By Sarina Trangle
Glendale may be one study closer to hosting a homeless shelter.
Several politicians said they learned the city Department of Homeless Services has begun the City Environmental Quality Review Process for a proposed 125-family shelter, at 78-16 Cooper Ave., during a meeting with the department’s Commissioner Gilbert Taylor two weeks ago.
Although DHS did not give elected officials many details about the timeline, state Assemblyman Andrew Hevesi’s (D-Forest Hill) chief of staff Alexander Schnell said the city indicated it would hire a private firm to conduct the study to ensure it was unbiased. The quickest the agency could recall such a review being completed was nine months, according to Schnell.
“To me, it is a valid question as to whether it’s environmentally sound,” said state Sen. Joseph Addabbo Jr. (D-Howard Beach). “We were assured our concerns were being considered while they move ahead in the environmental study.”
DHS declined to comment.
The review process examines potential adverse impacts of proposals and proposes measures to mitigate or prevent them.
The process includes the publication of a draft environmental impact statement, which contains technical analysis of the existing property conditions and the future conditions with or without the proposal being adopted. It concludes with a public hearing on the document and the release of a finalized environmental impact statement that incorporates public feedback.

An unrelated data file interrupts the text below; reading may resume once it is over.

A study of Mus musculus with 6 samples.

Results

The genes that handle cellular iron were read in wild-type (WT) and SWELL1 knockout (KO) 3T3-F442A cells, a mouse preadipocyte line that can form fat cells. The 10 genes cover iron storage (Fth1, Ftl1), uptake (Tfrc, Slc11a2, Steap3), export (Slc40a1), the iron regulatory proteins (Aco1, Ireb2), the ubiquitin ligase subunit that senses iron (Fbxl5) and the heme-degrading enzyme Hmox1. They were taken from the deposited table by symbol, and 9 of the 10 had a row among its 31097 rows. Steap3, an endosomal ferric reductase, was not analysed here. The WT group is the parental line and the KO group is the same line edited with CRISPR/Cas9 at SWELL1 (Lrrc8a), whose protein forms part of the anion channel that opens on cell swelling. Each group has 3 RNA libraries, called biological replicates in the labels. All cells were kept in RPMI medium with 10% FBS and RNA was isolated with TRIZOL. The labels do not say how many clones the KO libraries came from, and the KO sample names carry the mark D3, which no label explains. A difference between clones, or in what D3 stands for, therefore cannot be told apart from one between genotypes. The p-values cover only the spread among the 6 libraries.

Any related contract could not be sent to the city comptroller’s office for approval until the review is complete, elected officials said.
Glendale has spoken out against the idea of turning 78-16 Cooper Ave. into a temporary shelter since Samaritan Village, a Briarwood-based nonprofit, sent the city a proposal in August to turn the former sewing mill and airplane part manufacturing plant into a shelter for 125 families.
Neighbors and elected officials have said they thought it would be more cost-effective to open a shelter in a residential building closer to subway lines, service providers and jobs. The Cooper Avenue building is roughly 1.3 miles from the subway.
Others have raised safety concerns, voiced fears about plummeting property values and worried about shelter residents further crowding school classrooms.
DHS and Samaritan Village have said the neighborhood does not have a shelter and more facilities are needed in Queens as families struggle to find affordable housing and battle foreclosures.
In response to the backlash, DHS agreed to meet with a handful of elected officials last month.
Following the meeting, the lawmakers said the department had not yet come to a budget agreement with Samaritan Village in contract negotiations, but had begun the review process.
U.S. Rep. Grace Meng (D-Bayside), Borough President Melinda Katz, Assemblymen Michael Miller (D-Woodhaven), City Councilwoman Elizabeth Crowley (D-Middle Village), Hevesi and Addabbo sent a letter to Community Board 5 urging it to discuss the environmental study with DHS and Samaritan Village.
CB 5 District Manager Gary Giordano said the board received the letter Tuesday.
“We are reviewing how we are going to proceed,” he said. “It looks as if we are likely going to invite them to attend some sort of a community board meeting.”
Reach reporter Sarina Trangle at 718-260-4546 or by e-mail at email@example.com.